My average morning includes sifting through a couple hundred emails. If I turn off the computer by 11 PM, I will have over two hundred emails waiting for me the following morning. A week or so ago, I began my work day the way I usually do – I started the coffee, turned up the music, and checked my emails. One email caught my attention. The prettiest girl in Parma had sent me a message. It had only been a couple of weeks since I had revamped her health policy, so I immediately knew the purpose of this email. Yes, her account had been hacked.
Email, Facebook, Twitter, we have too much access but not enough interaction. I feel compelled to respond to every contact. I compulsively answer every question. If someone sends me an email, I respond by email. Sometimes the message is nothing more than an acknowledgement of receipt of their email. Some friends and clients correspond primarily through Facebook. OK. I respond in kind. Phone calls? More personal so less common in 2014. But the people who take for granted that I will answer their questions, listen to their concerns, or simply point them in the right direction, often feel no need to respond to me. Did I answer your question? Do we need to meet? To talk? Are you still there?
Most of the emails I receive are either spam or sales pitches. I have become surprisingly adept at eliminating them. I have to be careful that I don’t inadvertently delete a legitimate email while dumping the trash. It takes the hand – eye coordination of a .300 hitter to weed through them as quickly as I do now. But every click brings to mind how great it would be if this In Box were filled with meaningful notes from people who actually wanted to talk with me. But it isn’t. There are three emails from the guy whose food will save my life and countless opportunities to check or improve my credit score.
Facebook has, in an odd sort of way, become more enjoyable. The pictures, children, grandchildren, and the pets, lots and lots of pets, seem to be more genuine and the emotions seem more real. I’ve seen countless pictures of my friend, Mirja, with her cat. I really hope that Cleo, the cat (pictured above), loves Mirja half as much as she loves it. And my friend Ellen just posted a new studio picture of her with all of her grandchildren. We, her Facebook friends, get to watch them as they grow up and share in her joy.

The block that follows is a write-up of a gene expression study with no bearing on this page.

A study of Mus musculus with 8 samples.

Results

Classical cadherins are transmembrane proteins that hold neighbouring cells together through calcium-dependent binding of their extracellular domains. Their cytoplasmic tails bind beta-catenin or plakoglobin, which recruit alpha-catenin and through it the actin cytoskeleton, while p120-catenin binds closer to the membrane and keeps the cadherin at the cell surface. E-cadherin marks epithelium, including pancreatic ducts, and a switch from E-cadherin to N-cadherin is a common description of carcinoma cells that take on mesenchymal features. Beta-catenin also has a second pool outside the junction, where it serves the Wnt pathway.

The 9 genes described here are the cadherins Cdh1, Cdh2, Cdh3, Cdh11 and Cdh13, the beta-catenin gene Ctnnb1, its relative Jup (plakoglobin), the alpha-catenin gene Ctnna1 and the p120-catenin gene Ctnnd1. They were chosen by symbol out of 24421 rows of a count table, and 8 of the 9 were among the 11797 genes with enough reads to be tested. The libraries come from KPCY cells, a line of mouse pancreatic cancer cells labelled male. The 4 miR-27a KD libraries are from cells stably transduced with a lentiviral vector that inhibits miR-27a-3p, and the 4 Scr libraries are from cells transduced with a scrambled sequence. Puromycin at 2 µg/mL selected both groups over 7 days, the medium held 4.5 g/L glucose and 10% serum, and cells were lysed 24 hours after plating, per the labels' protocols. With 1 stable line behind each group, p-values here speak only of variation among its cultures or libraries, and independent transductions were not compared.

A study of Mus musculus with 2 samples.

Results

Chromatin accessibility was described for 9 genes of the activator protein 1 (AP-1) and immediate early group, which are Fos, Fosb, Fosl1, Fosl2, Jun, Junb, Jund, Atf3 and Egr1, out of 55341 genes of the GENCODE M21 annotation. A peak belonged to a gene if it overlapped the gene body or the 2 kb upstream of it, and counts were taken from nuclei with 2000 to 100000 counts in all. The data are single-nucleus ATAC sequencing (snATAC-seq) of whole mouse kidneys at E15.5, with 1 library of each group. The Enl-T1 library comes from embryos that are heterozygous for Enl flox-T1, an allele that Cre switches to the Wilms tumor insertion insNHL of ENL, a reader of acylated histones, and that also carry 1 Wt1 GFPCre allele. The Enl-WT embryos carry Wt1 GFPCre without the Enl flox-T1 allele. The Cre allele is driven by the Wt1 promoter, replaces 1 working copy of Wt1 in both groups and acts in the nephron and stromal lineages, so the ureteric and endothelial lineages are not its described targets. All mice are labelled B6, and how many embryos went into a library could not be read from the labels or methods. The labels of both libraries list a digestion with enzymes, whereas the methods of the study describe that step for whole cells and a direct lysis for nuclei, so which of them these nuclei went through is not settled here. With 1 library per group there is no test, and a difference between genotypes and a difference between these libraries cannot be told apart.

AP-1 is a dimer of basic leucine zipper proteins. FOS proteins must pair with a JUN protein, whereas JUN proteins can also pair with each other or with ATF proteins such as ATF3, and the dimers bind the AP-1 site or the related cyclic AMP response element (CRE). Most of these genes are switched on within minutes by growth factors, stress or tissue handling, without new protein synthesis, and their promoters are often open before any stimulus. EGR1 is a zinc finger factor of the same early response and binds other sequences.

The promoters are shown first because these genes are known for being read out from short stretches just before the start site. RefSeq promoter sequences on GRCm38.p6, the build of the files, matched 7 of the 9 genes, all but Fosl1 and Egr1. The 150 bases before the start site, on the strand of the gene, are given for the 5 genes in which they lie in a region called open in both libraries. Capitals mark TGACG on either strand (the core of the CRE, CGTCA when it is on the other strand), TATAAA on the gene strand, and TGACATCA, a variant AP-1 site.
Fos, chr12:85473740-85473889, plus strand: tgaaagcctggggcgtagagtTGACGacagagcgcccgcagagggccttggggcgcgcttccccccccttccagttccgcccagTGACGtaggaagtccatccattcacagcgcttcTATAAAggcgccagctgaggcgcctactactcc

A new trend has popped up on Facebook. Tired of trying for mass appeal, I have seen people start to segregate their FB friends. Some posts go to everyone. Pictures of the kids and noncontroversial posts about TV shows are there for everyone. But the good stuff, the posts that give a hint to the person behind the name and safe picture, only goes to a select few. Who knew that L.C. was so adamantly an atheist? When did S.S. become a liberal Democrat? Was J.W. always that conservative? And now, instead of risking offending some of their friends, or worse, pretending to be without beliefs or opinions, they created their own communities. New friendships, built on more information and a lot more honesty, might actually become real friends.
Will it take hold? Will these new communities just be more fodder for Facebook’s insatiable need for more info so that it can sell our data to more advertisers? I don’t know, but I enjoy the new found clarity and sense the freedom that pretenses kept hidden.
I teased the prettiest girl in Parma that even a hacked email from her is better than nothing. She agreed that we should talk more often.